Ludsen castle was, next to the Narva, the easternmost stronghold of Livonia, located closer to the Ruthenian cities, such as Polotsk and Pskov, than any of the major cities of Livonia: Riga or Dorpat. The first mention of Ludza comes from 1177, but refers to the local hillfort. The brick Teutonic castle was built only at the end of the 14th century or at the beginning of the 15th century, but it cannot be ruled out that some wooden fortifications had been built earlier, because the order took over the surrounding lands already in 1264. In written sources, the first information about Ludsen appeared only in 1433, when VogI von Rositen informed the marshal of Livonia that the commander continued his journey from Mewe (Gniew) through Ludsen, Rositen and Marienburg.
At the end of the 15th century, the castle was occupied and seriously damaged the Muscovite army. The destruction must have been extensive, since the stronghold was fully restored only in 1525. The fall of the medieval castle came with the invasion of Ivan the Terrible troops in the second half of the 16th century. In the face of aggression in 1558, the Teutonic Knights gave their Latgalian strongholds, including Ludsen, in pledged to Lithuania. From the moment of the union of Lublin in 1569 they became part of the Polish-Lithuanian Commonwealth. Ludsen initially kept the military significance until it was taken over and destroyed by the Russian army in 1654. In the following years, not renovated, fell into total ruin.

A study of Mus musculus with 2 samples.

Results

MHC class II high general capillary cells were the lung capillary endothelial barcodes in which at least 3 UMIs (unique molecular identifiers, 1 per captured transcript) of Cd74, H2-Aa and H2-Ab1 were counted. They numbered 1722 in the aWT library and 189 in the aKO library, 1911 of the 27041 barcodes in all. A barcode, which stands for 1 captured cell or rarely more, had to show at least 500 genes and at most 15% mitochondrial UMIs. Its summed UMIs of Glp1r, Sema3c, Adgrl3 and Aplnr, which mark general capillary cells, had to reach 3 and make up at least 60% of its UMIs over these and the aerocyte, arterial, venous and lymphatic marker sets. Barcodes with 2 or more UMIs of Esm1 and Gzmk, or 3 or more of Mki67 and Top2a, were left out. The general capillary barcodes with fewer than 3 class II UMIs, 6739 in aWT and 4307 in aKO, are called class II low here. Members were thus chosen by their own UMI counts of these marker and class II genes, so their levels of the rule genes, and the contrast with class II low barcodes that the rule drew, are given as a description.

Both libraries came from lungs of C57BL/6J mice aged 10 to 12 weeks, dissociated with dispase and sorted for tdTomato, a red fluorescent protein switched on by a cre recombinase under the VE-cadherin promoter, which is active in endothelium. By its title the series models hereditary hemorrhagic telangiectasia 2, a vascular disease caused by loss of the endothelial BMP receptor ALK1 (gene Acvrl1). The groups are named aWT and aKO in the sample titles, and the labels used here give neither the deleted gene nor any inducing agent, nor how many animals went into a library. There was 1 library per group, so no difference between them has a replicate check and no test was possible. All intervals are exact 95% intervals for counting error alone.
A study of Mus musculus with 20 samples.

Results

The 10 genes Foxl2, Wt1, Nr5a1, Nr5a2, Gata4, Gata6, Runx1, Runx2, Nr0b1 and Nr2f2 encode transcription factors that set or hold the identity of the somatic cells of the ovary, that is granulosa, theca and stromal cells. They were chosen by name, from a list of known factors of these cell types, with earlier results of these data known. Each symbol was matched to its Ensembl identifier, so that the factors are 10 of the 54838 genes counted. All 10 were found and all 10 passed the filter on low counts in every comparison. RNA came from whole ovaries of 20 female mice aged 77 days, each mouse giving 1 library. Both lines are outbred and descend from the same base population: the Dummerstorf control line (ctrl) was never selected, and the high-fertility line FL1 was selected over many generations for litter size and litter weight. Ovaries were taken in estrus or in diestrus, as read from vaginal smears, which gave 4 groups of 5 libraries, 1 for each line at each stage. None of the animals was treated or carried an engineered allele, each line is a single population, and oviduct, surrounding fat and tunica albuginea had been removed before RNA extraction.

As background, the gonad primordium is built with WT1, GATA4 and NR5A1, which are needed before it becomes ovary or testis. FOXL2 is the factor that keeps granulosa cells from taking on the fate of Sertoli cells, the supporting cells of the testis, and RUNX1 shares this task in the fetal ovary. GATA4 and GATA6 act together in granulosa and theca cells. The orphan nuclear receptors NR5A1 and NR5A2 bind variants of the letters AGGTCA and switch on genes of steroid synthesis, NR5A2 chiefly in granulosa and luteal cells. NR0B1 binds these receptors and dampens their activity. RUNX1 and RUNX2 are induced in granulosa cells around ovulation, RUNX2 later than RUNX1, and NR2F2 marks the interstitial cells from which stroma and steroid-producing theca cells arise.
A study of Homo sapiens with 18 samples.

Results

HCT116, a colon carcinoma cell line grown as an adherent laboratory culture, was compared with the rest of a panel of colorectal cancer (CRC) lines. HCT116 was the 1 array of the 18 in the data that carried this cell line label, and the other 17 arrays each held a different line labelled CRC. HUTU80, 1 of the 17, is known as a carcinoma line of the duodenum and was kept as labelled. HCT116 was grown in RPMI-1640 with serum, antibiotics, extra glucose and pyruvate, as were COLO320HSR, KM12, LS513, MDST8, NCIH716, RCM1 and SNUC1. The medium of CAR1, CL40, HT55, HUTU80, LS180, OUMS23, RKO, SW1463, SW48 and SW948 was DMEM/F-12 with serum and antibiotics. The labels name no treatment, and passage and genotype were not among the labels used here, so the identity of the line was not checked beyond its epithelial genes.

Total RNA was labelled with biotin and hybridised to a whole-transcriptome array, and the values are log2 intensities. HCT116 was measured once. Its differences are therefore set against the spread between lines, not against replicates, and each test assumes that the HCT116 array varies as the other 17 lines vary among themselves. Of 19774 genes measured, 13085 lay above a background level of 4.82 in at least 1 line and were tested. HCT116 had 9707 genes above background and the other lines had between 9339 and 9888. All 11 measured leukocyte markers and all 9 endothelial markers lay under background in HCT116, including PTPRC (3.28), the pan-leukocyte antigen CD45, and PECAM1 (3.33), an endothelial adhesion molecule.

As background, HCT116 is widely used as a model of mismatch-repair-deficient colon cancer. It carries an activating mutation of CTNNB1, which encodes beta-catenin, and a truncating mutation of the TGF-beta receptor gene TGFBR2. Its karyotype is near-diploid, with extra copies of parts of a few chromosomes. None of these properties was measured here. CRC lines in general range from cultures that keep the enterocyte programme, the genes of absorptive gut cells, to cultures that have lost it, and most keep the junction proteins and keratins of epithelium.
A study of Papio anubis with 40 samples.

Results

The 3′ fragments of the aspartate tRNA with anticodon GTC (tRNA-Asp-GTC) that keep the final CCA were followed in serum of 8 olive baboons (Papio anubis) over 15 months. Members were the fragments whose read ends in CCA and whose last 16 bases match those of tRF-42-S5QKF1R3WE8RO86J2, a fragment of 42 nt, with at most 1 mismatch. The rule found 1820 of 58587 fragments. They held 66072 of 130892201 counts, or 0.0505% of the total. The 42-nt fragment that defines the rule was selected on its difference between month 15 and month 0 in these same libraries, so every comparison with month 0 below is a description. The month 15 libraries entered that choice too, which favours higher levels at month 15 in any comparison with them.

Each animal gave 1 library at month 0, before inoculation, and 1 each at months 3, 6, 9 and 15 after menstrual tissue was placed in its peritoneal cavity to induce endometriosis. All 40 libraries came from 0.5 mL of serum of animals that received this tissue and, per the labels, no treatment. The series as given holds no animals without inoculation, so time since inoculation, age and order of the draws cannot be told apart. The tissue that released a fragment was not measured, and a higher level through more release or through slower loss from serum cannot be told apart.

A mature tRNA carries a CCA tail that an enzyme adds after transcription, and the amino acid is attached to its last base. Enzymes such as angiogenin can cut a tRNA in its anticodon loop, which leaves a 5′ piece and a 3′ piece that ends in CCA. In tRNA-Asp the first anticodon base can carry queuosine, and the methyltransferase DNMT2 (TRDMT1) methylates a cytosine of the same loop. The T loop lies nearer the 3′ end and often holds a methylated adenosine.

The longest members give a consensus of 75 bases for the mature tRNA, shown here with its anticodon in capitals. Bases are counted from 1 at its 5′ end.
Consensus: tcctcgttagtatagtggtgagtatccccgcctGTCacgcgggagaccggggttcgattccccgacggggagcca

The castle was built on top of a high hill, on an isthmus between two lakes. So nature provided good protection from the east and west, and also from the north, where the watercourse connected both lakes. Only in the south the plateau had to be cut off by a ditch, probably filled with water from the surrounding lakes.
The main and probably the oldest brick element of the castle was a large, square main tower with a brick, gothic decoration in the form of white plastered ogival blendes and patterns made of zendrówka bricks. Its four storeys, with residential interiors, were separated by wooden ceilings, except for the lowest basement storey covered with a rib vault. Also, the upper floor was originally covered with a vault, which was probably replaced with a ceiling in the 16th century. It served a residential function as it was heated by a fireplace. Two curtains of the wall adjoined the tower, separating, together with the other three curtains from the south-east, an irregular, small courtyard. Its eastern part was occupied by buildings, probably having three floors, perhaps the second wing was also located at the western wall.
The core of the Ludsen castle from the south and south-east was adjacent to two outer baileys, separated by a ditch about 8 meters deep. While the second outer ward was probably fortified only with wood and earth fortifications, the first outer ward was surrounded by a perimeter of an irregular stone and brick defensive wall. Its thickness was not too great, it varied between 1.3 and 1.5 meters, so the sidewalk for defenders was widened with a wooden porch with beams embedded in the openings in the wall. The defenders were protected by a battlement. The wooden and earth fortifications of the second outer ward were to be strengthened by about six towers, some of them could also be made of wooden construction, like most of the economic buildings in the outer ward.
Remains of the castle fortunately avoided the demolition for the building materials, thanks to which two walls of the main tower, part of the eastern buildings and fragments of the defensive walls have survived to this day. Entrance to the ruins is free.
Borowski T., Miasta, zamki i klasztory. Inflanty, Warszawa 2010.
Ose I., Ludsen – im 14. Jh. gebaute Grenzburg des Deutschen Ordens in Livland [w:] Zwischen Kreuz und Zinne: Festschrift für Barbara Schock-Werner zum 65. Geburtstag, Braubach 2012.
Tuulse A., Die Burgen in Estland und Lettland, Dorpat 1942.